Someone must have prevailed upon Maxine Kumin to write her memoir, because there is nothing riveting about it. At best it is mildly interesting. The title is catchy but really not germane to her conventional story. She grew up in Philadelphia during the 1930s, the daughter of a German Jewish mother and a Russian Jewish father, although she emerged from her tradition an agnostic.

To be sure, growing up Jewish in Germantown was sometimes difficult in those anti-Semitic times, but her childhood and adolescence were largely uneventful.

She went to Radcliffe after being rejected by Wellesley. (There was still a quota system for Jews among leading colleges.) She joined the swim team and in her junior year went on a blind date with Army Sgt. and Harvard graduate Victor Kumin, whose job, she would learn much later, was to help develop the atom bomb. Long excerpts from their courtship letters follow. She graduated cum laude. Not long after she turned 21, they married.

She read a lot of poetry, especially Gerard Manley Hopkins and A.E. Housman, and wrote "at least a hundred lugubrious romantic poems." But her first published poems were light verse. She saw print in all the leading newspapers and journals. For one poem, published in the Saturday Evening Post, she "was required to provide a letter from [Victor's] employer certifying that my poem was original. … In the '50s women, along with people of color, were still thought to be intellectually inferior, mere appendages in the world of belles lettres."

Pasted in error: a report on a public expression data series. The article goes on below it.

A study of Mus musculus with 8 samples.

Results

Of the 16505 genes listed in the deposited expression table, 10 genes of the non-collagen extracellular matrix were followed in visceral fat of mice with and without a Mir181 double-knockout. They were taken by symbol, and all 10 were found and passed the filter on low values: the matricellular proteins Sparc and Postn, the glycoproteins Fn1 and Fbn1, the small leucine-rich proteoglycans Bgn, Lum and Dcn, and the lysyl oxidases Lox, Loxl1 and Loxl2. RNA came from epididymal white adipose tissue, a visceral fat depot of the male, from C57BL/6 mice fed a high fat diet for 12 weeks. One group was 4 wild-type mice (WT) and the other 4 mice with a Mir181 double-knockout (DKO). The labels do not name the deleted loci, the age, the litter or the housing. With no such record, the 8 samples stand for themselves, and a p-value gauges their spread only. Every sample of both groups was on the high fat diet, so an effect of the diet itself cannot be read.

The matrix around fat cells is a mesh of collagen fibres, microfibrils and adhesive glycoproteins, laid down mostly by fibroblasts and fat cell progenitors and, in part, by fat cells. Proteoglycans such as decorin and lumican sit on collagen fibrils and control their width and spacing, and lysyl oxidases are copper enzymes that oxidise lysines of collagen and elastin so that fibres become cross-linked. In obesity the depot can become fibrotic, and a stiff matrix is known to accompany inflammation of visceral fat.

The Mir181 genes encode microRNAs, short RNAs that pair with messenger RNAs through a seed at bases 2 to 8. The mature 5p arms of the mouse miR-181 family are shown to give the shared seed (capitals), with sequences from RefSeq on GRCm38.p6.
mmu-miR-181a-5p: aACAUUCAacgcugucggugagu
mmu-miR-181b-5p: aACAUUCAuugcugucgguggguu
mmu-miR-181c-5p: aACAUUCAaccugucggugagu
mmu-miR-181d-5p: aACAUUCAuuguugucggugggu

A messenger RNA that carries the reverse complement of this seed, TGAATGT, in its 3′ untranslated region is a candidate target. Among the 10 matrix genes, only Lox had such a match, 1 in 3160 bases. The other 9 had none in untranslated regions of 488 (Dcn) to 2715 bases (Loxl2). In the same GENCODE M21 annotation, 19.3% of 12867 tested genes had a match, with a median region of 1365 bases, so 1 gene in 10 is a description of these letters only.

In 1957 she took a poetry workshop at the Boston Center for Adult Education and gained a mentor in Tufts University Prof. John Holmes and a close friend in fellow student Anne Sexton.

Her first book, "Halfway," sold just 300 copies. Needing a space "to be able to get on with my declared vocation," she and Victor moved from suburban Boston to a ramshackle farmhouse in New Hampshire, which they spent years repairing and sprucing up. Despite her duties as mother to three children, housewife and part-time teacher, she managed to publish a poetry collection every three or four years. Her fourth collection, "Up Country," won a Pulitzer Prize, and she later became U.S. poet laureate.

In this book, Kumin writes a straightforward, plain-spoken account of her life, with nary a poetic flourish. Unfortunately, there's little insight into what makes her tick or how her poems took shape.

They are rooted in her work as vegetable gardener, adopter of shelter rescue dogs and breeder of horses. The book doesn't really sing until the final essays about the personalities of individual animals. Here, too, she reproduces long excerpts from her poems about them. Those last pieces make the book worth reading.

Brigitte Frase is a Minneapolis critic, winner of a National Book Critics Circle Nona Balakian citation for excellence in reviewing.